As regular CFZ-watchers will know, for some time Corinna has been doing a column for Animals & Men and a regular segment on On The Track... particularly about out-of-place birds and rare vagrants. There seem to be more and more bird stories from all over the world hitting the news these days so, to make room for them all - and to give them all equal and worthy coverage - she has set up this new blog to cover all things feathery and Fortean.

Sunday, 15 April 2018

Species Relocation A Viable Climate Response Action, Say Local Scientists


Earth Today | 
Published:Thursday | April 5, 2018 | 12:00 AM

MIGRATION AS an option to safeguard the survival of, in particular, rare species has been brought into sharp focus, after one Caribbean island took just that action, following last year's extreme hurricanes that dealt a resounding blow.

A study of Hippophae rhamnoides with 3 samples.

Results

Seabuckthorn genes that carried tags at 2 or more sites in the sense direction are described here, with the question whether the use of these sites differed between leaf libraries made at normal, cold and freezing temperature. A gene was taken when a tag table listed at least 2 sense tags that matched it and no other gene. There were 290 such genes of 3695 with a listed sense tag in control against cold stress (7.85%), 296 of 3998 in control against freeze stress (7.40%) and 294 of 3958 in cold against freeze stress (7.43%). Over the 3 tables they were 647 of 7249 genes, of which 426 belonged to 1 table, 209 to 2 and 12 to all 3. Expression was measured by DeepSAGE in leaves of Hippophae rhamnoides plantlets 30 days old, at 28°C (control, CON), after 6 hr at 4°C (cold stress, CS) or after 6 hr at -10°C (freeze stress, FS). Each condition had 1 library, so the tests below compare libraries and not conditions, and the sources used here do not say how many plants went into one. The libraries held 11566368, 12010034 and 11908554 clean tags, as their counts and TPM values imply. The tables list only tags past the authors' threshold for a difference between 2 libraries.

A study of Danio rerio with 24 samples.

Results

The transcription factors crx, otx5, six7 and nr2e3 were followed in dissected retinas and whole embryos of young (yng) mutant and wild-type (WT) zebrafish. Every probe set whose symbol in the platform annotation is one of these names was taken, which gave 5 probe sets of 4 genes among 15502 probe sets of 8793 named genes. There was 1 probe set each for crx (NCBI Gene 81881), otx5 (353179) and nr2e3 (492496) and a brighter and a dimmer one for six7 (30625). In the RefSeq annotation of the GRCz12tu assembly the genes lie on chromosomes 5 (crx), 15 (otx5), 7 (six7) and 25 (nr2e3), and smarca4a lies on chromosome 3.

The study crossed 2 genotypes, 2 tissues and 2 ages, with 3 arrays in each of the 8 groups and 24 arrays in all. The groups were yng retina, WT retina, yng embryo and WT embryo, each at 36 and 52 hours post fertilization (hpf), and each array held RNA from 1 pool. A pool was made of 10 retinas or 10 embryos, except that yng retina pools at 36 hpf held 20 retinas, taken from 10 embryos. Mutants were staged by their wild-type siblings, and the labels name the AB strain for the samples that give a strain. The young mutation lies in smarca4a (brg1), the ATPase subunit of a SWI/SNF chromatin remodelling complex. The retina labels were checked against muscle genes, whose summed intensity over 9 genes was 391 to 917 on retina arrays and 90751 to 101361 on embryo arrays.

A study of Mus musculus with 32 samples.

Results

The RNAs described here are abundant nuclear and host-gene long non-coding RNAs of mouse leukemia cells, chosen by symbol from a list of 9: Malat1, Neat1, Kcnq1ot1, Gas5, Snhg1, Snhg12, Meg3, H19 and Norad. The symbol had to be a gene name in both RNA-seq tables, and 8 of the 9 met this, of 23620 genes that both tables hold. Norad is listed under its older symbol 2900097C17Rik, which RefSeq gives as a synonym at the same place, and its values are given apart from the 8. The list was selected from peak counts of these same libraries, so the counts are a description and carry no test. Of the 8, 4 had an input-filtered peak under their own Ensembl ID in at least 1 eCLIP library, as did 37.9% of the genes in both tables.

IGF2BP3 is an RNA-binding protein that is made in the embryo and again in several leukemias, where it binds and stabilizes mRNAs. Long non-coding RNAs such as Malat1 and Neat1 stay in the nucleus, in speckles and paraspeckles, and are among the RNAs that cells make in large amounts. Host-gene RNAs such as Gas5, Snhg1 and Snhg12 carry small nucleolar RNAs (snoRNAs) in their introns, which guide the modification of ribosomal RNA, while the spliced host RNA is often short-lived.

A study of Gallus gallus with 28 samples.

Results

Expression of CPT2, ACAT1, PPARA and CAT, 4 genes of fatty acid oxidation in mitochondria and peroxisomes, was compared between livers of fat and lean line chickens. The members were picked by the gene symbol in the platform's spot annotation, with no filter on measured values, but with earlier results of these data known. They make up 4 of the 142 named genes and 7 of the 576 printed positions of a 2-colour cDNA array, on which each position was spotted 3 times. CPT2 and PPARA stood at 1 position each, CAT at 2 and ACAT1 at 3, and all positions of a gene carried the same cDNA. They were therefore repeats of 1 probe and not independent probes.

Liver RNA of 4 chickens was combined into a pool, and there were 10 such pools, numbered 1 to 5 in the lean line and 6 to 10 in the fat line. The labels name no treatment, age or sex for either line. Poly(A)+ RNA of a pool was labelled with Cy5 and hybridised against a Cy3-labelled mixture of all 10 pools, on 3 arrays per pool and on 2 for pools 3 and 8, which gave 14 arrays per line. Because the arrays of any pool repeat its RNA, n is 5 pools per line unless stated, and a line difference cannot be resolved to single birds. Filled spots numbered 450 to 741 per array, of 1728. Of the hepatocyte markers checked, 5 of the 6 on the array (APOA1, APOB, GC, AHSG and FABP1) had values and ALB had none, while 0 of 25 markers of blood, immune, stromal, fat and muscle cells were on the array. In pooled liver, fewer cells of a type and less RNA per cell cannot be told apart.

Dominica last month relocated a dozen of its rare birds - 10 Jacos and two Sisserous - to Germany, prompting stinging criticism from BirdsCaribbean, a regional organisation committed to the bird conservation, while also serving to spotlight relocation as a response to climate change for not only humans.

Local scientists have weighed in on the issue, while staying clear of commenting on the particulars of the Dominica case.

"Captive breeding and ex situ conservation have been dependable conservation practices for many years and have improved the survival probability of many threatened species, when carried out legitimately and responsibly by institutions that have the necessary capacity," said Dr Kimberly Stephenson of the Climate Studies Group Mona.

Climate change, Stephenson said further, poses "a very real threat to the endemic biodiversity of our small islands, not only because of extreme events like hurricanes, but also due to more gradual changes, like drying and warming".